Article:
How a 5xx Server Error Can Hurt Your Website’s Rankings
Following more recent Google updates throughout the years, server errors are increasingly detrimental for website rankings. If your website experiences any of these errors, it’s important for webmasters to take care of them before they become even worse issues. 404 page errors might be easily fixed with a custom 404 page or 301 redirect, but a 5xx server error is a different beast. There are two main server errors that people should look out for and fix.
5xx responses, particularly 500 Internal Server Errors and 503 Service Unavailable Errors, become bigger problems for websites in early 2015, as a fresh index came about. If Google comes across a website with a 500 response, the page will immediately stop ranking. However, there have to be multiple instances of 503 responses over a week or two before ranking stops and the page is removed from Google’s index.
Here are a few specific ways Google reacts to server errors and how to avoid these errors altogether, based on experiences that columnist Austin Blais and his team encountered and shared with Search Engine Land.
Intermittent 500 Internal Server Errors
Blais and his team found that one URL had a tendency to return 200 Success responses along with occasional 500 Internal Server Errors. This was because of an instable server, and crawl stats declined as a result. This server instability and the subsequent 500 errors caused the domain to drop in Google rankings.
500 Responses Resulting in Downtime
A specific type of page on the Blais’s team’s domain experienced 500 Internal Server Errors, which caught Google’s eye for around 18 hours. The amount of time each page returned this response is unclear, but the overall impact it had was bad enough.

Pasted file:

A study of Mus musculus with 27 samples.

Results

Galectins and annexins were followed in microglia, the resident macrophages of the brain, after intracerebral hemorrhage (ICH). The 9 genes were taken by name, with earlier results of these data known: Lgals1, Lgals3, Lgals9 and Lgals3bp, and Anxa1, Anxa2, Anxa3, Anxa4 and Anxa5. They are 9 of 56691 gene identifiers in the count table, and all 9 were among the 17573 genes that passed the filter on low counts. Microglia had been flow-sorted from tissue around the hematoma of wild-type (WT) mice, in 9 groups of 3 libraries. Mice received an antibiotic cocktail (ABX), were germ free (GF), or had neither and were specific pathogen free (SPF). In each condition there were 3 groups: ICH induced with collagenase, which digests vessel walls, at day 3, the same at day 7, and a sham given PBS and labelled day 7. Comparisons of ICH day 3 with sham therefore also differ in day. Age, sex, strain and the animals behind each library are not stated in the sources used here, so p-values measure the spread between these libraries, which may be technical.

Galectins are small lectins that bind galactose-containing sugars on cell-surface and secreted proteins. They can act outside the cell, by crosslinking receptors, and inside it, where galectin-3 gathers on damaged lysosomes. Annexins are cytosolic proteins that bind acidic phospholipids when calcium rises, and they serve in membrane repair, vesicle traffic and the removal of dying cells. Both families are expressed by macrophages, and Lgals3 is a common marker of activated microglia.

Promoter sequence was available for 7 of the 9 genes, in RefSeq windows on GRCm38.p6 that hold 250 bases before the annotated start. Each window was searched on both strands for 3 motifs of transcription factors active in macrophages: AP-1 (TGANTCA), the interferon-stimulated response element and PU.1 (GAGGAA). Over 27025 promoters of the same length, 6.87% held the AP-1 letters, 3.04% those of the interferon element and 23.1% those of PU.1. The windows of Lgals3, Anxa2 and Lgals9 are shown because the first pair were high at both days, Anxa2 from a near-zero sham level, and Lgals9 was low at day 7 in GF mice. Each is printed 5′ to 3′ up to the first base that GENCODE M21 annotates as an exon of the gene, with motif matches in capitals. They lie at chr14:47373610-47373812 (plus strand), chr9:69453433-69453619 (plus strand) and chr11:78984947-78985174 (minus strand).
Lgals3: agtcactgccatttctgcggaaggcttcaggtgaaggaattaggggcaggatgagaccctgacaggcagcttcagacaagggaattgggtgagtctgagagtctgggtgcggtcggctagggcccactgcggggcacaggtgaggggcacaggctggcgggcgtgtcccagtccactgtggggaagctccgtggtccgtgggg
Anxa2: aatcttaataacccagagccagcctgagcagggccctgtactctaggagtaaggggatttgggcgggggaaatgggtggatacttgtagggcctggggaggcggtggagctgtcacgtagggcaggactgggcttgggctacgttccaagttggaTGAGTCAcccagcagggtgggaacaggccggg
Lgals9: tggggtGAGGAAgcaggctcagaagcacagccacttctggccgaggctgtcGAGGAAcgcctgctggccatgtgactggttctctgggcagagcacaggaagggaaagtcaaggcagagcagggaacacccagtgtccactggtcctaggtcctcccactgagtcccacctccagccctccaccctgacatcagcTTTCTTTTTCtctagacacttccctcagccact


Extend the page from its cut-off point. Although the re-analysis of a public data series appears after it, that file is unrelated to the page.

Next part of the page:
The drop in keyword rankings was sporadic, resulting in drops of anywhere from five to 100 positions for all 239 tracked keywords. New rankings weren’t as low if Google could find other pages on the domain that were relevant to the search query. Blais’s team used BrightEdge to track the keywords and observe Google’s behavior throughout the 18-hour downtime.
The most interesting thing to note from this experience is that Google actually ranked pages that weren’t exactly what people would search for with certain queries, and Blais’s team couldn’t quite understand that behavior either.
Long Periods of 503 Service Unavailable Responses
What the developers learned from this experience was that Google is more likely to punish websites that have 503 errors over a longer stretch of time than those that experience them for shorter periods.
How to Avoid Keyword Ranking Drops Through a 5xx Server Error
While it may take a little while for 503 server errors to result in dropped rankings, 500 Internal Server Errors have an immediate negative effect. Websites should make sure that if they do experience 500 errors, they are able to fix them before Google can have a chance to negatively impact your site. If a 503 response occurs, there’s a better chance of websites avoiding negative ranking impact if they can take care of it before it goes on for too long. Thankfully, it doesn’t take too long for Google to restore website rankings once server issues are resolved.
It appears that there is a fresh index that works on a page-by-page basis, and it is directly associated with a recently released Mobile Algorithm Update. This is good for domains, as it helps to ensure that they don’t completely drop off in Google rankings as long as there are pages relevant to the keyword.
Engineers should consider the overall load that SPAs will be able to support before implementing them. If multiple server-side rewrites are inevitable, server errors may occur. Identifying and correcting a 5xx server error in time can also prevent major negative effects on rankings.
If you want to prevent this fresh index from hurting your website, you should have a team of developers who know how to effectively handle 5xx server errors along with other potential issues. If you can avoid server errors and other common development problems, coupled with good SEO and PPC practices, your website should perform well on Google across the board.